President Barack Obama asked Congress for $60.4 billion to pay for damage caused by superstorm Sandy, putting the disaster relief request from northeastern states into the middle of a debate over the federal deficit.
While the amount is less than the $83 billion in assistance that regional officials sought, governors Chris Christie of New Jersey and Andrew Cuomo of New York welcomed the accord with the White House yesterday on the funding package.
Obama’s request “will enable our states to recover, repair, and rebuild better and stronger than before,” Christie, a Republican, and Cuomo, a Democrat, said in a joint statement. At a briefing in Manhattan, Cuomo said the aid would give states flexibility in how the money is spent and help cover the cost of efforts to protect infrastructure from future storms.
“This is the first good news New York has had in a while,” Cuomo said. “This is a very big deal for New York.”
The supplemental spending request follows weeks of lobbying by officials from the states hardest hit by the storm and comes as Obama and Republicans in Congress are locked in negotiations over how to avoid more than $600 billion in higher taxes and spending cuts set to begin in January. The goal is to agree on a plan to shrink the federal deficit, which has exceeded $1 trillion in each of the past four years.
The Northeast is still working to rebuild since Sandy, the biggest Atlantic storm on record, pounded the region Oct. 29 with winds reaching 100 miles (160 kilometers) an hour. The storm flooded seaside communities from New Jersey to Rhode Island, damaged tens of thousands of homes, and crippled subways and electric utility systems.
In a letter outlining the funding plan, Office of Management and Budget Acting Director Jeffrey Zients said the money would be used to repair damage to homes and infrastructure and help prepare for future storms.
“Our nation has an obligation to assist those who suffered losses and who lack adequate resources to rebuild their lives,” Zients wrote.
The funding includes $17 billion to help homeowners, along with $6.2 billion to repair the public transportation infrastructure in the New York City area.
The request includes $11.5 billion in disaster relief funding and $15 billion for block grants to assist homeowners and businesses in covering rebuilding and repair costs not underwritten by the Federal Emergency Management Agency, private insurance or Small Business Administration loans.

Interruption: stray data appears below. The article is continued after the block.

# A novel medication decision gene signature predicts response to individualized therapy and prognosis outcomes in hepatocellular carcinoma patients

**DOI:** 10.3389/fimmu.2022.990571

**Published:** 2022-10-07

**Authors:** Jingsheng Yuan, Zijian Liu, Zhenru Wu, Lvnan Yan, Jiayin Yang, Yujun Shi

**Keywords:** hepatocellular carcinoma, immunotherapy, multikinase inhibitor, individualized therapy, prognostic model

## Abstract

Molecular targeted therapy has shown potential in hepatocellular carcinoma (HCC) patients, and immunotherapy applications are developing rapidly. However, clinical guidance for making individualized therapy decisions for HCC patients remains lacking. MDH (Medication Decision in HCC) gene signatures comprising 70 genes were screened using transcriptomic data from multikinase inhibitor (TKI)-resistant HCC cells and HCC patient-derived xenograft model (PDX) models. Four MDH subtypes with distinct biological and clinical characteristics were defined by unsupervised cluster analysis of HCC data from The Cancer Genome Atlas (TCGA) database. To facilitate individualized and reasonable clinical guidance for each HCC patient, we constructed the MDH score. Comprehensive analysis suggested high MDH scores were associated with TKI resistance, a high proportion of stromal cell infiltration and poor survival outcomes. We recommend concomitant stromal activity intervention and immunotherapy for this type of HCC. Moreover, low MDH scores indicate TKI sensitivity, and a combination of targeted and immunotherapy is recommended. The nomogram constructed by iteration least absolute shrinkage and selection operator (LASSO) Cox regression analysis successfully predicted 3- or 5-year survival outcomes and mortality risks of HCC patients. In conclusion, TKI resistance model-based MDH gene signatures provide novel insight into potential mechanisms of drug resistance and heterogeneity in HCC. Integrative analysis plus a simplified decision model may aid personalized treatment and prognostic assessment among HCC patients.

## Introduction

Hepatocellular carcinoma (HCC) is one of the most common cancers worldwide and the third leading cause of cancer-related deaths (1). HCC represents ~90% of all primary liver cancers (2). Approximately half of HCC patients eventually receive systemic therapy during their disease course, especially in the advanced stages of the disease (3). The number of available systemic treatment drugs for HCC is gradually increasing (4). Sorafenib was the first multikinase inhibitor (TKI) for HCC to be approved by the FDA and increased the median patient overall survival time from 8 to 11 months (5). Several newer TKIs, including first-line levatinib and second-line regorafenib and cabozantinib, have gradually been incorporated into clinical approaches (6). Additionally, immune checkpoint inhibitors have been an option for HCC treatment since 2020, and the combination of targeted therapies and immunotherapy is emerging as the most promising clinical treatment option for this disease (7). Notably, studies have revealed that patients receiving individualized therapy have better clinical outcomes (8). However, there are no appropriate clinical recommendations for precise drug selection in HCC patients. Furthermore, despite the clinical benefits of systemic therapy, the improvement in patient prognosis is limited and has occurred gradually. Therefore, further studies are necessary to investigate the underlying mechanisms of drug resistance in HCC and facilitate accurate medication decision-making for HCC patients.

Restoration projects that would be paid for range from $2 million for roof repairs of Smithsonian Institution buildings in Washington, Virginia and Maryland, to $6 million to restock food banks and soup kitchens drained by demand from Sandy victims.
Almost $13 billion, or more than a fifth of the money sought, would be used to mitigate future natural disasters, including $5.5 billion to make public transportation systems “more resilient” to wind and flooding. The request also seeks to reduce flood risks with more than $3.8 billion for the Army Corps of Engineers and $400 million for the U.S. Fish and Wildlife Service, to enhance natural ecosystems.
“This robust package is a major first step that we will work to pass as quickly as possible in Congress to help devastated communities, families and businesses,” they said in a joint statement.
New York Mayor Michael Bloomberg said it’s now up to Congress to take swift action “in a bipartisan fashion.”
“We need a full recovery package to be voted on in this session of Congress,” Bloomberg said in a statement. “Any delay will impede our recovery.”
The mayor is the founder and majority owner of Bloomberg News parent Bloomberg LP.
Christie, who met with Boehner while in Washington, said he’ll “use every tool” to secure federal recovery funding. New Jersey gets the worst return on its federal tax dollar of any U.S. state and its residents have underwritten disaster responses across the U.S., the governor said.
“These are not wants: These are needs,” Christie said. “Speaker Boehner has told me that offsets isn’t the direction in which the House Republican Conference will be moving,” he said, referring to balancing new spending with cuts elsewhere.
The aid plan follows weeks of lobbying by New York and New Jersey officials. Obama and Christie talked for about 30 minutes Dec. 6 at the White House and the president spoke with Cuomo by telephone.
If approved, the request would be less than the $110 billion directed to the Gulf Coast after Hurricanes Katrina and Rita hit in 2005, according to the Government Accountability Office, a nonpartisan research arm of Congress.